Fact: We had a destination wedding in the Florida Keys.
Fact: It’s sunny, hot, and makes one thirsty.
The Need: Welcome bags that will include something functional for all guests, and be of use during and beyond the week of the wedding.
Tradition says: If you have a destination wedding, you MUST have a welcome bag.
These are often paper gift bags filled with treats, a schedule of events, and more treats.
The “bag” part of welcome bags bothered me. It just gets thrown out! And even if it’s a tote bag, it’s just another tote bag to add to your pile at home.
We put ourselves in our guests’ shoes and thought about the goals behind this slice of wedding etiquette. How do we remove wastefulness, make it useful, and make it celebration-worthy?
Reusable water bottles filled with
Instructions for use:
Step 1: Arrive at wedding venue. Wipe sweat from brow.
Step 2: Receive awesome welcome water bottle filled with tequila, agave, lime and event schedule.
Step 3: Make said libation and find bride, groom, and friends. Promptly sip, relax, and reuse when in need of other forms of hydration.
How we did it:
(with the help of the scientific method)
Hypothesis: Guests will enjoy a reusable drinking vessel that is filled with margarita ingredients, a schedule, and other useful things. They will also actually reuse the vessel during their stay.
We will know this is true when: All assumed ingredients (supplies) fit in said vessel, and the grand total is under $400.
We will know this is false when: Nothing fits, things break inside the vessel (or the vessel breaks), or it’s over $400.
Build a prototype to test your hypothesis
1) Find a couple of promotional product companies online and order a few samples (we used 4imprint.com and DiscountMugs.com). These are usually cheaper than buying from Target or Amazon (embrace the math: we had 70 guests, you might have 120!), and for a small additional cost you can personalize each item with your wedding logo.
2) Pick up any and all supplies you think you might want to tuck inside the water bottle. Our prototype included a sheet of paper cut to fit (sample schedule), a nip of tequila, a small tube of lotion to represent sunscreen (it wasn’t available yet because it was February in Boston), a powdered drink mix packet, one honey packet (representing agave nectar), and one pouch of Advil (hangover helper).
3) Put said supplies in said water bottle samples. Consider what looks best, will ship/travel safest, and the quality of the water bottle: Does the top screw on tight? Does it feel durable? If you want people to actually use the water bottle, use it yourself. Pour water in it, take a sip and see what happens. Experience the idea as if you were a guest.
Order supplies and make guest-ready
Welcome Water Bottles
1) Triple check your math regarding number of guests vs how many items comes in a shipment, box, or case. Note that you might be buying in bulk and may need to purchase one more box to meet your guest number needs. This was the case for a few of our supplies, including the Margaritaville drink mix packets (yes, those actually exist!). One box of drink mix = 6 packets. 70 guests/6 = 11.6 boxes. Buy 12.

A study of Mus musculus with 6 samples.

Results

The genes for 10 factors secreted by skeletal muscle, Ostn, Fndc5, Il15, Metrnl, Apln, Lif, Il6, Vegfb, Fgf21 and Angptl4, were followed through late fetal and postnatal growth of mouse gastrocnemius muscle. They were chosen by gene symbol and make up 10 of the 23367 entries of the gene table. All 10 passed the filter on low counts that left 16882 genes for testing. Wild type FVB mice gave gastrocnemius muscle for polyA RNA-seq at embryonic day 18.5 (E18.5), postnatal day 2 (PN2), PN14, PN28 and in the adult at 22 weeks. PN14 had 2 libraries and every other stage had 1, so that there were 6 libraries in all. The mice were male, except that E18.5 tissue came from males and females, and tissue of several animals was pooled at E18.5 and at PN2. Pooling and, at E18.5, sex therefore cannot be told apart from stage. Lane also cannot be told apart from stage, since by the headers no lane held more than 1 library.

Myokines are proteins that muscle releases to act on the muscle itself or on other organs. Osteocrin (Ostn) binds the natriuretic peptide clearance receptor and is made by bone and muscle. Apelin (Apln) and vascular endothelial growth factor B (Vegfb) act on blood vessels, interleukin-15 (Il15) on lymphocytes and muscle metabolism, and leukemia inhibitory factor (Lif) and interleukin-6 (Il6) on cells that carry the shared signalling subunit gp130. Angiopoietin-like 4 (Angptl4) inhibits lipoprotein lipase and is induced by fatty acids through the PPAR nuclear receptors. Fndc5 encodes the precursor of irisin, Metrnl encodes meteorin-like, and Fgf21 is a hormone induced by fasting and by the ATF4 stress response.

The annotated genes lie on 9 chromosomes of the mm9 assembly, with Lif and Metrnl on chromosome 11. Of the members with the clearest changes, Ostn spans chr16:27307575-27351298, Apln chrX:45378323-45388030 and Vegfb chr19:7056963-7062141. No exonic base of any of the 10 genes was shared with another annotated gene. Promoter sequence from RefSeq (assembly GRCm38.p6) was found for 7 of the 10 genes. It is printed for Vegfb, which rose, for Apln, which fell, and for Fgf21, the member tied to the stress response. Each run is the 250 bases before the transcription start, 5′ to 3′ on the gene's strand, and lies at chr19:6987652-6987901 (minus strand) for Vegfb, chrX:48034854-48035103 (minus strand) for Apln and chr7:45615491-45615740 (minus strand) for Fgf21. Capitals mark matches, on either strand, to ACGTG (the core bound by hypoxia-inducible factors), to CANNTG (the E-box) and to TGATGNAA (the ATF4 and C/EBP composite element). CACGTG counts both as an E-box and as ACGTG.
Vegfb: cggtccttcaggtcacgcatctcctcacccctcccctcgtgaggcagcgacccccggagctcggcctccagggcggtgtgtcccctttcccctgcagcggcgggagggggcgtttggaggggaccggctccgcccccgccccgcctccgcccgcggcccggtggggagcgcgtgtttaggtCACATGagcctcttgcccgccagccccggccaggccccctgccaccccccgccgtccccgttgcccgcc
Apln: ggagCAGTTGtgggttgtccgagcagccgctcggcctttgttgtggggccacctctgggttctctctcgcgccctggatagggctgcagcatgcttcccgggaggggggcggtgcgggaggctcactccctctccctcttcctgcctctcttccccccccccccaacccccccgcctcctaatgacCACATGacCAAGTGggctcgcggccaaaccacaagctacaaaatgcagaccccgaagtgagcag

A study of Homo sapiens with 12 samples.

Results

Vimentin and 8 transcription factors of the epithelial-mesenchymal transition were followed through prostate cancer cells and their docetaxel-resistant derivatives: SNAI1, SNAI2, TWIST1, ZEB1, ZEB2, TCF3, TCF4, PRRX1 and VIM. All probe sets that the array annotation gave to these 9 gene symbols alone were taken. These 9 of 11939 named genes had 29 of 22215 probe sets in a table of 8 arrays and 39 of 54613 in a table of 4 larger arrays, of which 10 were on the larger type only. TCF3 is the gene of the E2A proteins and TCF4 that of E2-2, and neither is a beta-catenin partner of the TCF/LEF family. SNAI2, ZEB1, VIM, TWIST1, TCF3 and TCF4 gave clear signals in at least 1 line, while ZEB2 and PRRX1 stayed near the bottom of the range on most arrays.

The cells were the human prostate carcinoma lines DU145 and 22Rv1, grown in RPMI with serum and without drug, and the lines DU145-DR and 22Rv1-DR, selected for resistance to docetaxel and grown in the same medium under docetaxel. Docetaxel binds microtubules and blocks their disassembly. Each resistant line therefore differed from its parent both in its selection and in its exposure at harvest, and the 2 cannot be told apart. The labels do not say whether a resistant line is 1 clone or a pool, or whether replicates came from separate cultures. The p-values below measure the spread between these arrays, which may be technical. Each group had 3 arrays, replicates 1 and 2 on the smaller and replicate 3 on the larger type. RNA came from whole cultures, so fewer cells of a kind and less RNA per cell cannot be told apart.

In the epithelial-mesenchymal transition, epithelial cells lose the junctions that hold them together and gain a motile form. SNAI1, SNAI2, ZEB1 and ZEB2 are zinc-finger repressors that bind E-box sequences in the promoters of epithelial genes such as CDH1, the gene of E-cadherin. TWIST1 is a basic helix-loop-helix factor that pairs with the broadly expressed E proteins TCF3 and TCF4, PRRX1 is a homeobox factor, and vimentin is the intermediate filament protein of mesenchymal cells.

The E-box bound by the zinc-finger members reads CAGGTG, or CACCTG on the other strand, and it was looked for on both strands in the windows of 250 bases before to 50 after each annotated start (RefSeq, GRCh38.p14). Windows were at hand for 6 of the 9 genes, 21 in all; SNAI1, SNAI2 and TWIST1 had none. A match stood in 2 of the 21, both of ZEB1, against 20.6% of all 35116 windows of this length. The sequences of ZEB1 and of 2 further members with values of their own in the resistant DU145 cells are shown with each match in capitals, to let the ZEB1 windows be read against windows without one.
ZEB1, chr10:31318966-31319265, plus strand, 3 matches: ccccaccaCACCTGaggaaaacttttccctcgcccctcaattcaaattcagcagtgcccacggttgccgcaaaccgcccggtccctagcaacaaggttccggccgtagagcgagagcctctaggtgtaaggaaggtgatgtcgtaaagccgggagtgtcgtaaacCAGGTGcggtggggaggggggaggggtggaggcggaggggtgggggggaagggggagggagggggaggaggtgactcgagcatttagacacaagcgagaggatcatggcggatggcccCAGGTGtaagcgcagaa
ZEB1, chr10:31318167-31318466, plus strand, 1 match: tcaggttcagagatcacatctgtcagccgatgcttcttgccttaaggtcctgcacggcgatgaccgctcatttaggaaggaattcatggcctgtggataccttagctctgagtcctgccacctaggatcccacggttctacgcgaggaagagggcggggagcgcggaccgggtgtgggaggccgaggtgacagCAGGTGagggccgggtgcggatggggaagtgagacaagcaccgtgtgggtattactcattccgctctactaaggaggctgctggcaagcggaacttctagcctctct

2) Ask how long it will take to get your custom water bottles in-hand. THIS IS VERY IMPORTANT! Our bottles took about 3.5 weeks to arrive with custom logo printing and shipping. We wanted to have them in our apartment for a sanity check and then ship down to the venue one week before the wedding. Moral of the story: Look at the calendar and work backwards from your wedding date. Also, always include some buffer time just in case anything goes wrong – Murphy’s Law is alive and well, even for the Big Day.
3) Don’t spend too much time on the bargain hunt. We did tons of price comparisons, but refused to let that research encroach upon our sanity. Once we looked at four or five companies, we sussed out the best price for the best shipping rate in the shortest turnaround time.
4) Print the schedule cards yourself. We saved some cash by making these with a standard inkjet printer. The information was pretty much the same on the invitation and the website, so should it get lost or splashed on, no worries. At the end of the day, people just need to know where to go and how to find you. Don’t stress out about it! Use the same fonts and colors from your invitation and it’s already halfway to completion.
5) Final Step: Stuff those water bottles! All we had to do was drop the supplies into each vessel and screw the lid on. No extra effort required. (This was a relief after making all those paper flowers!)
Prep Time Required:
2 weeks for research and prototyping
1 week for price comparisons and placing order of supplies
4 weeks to get every item in-hand (including the printing and cutting of schedules)
Time Required to Put Together Water Bottles:
1 day for 70 bottles
Water Bottles: $2.47 each x 70 guests + $50 for printing logo = $222.90
Nips of Tequila: $2 each ($140)
Paper for Schedules: $5 (we used 10 sheets of scrapbooking paper)
Agave Nectar Packets: $18 for a 3-pack (35 packets per box)
Drink Mix Packets: $2.35 each for 6-count box (70 guests = order 12 boxes ($28.20))
Sunscreen: $22 for a 24-pack (70 guests = order 3 packs ($66))
Advil Packets: $14 for a 50-count box (70 guests = order 2 boxes ($28))
Total for all supplies = $508.10
Total per water bottle filled with goodies = $7.26 each
Goal: $400.00 Overage: 27%
Honest Bride Cost Commentary: It’s easy to get lost in the math of each individual item when things are not priced the same way, or one of the most expensive items gets added last (the nips of tequila in our case).
Fun Fact: Guests have reported they use their water bottles currently, three months later. Qualitative goal ACHIEVED!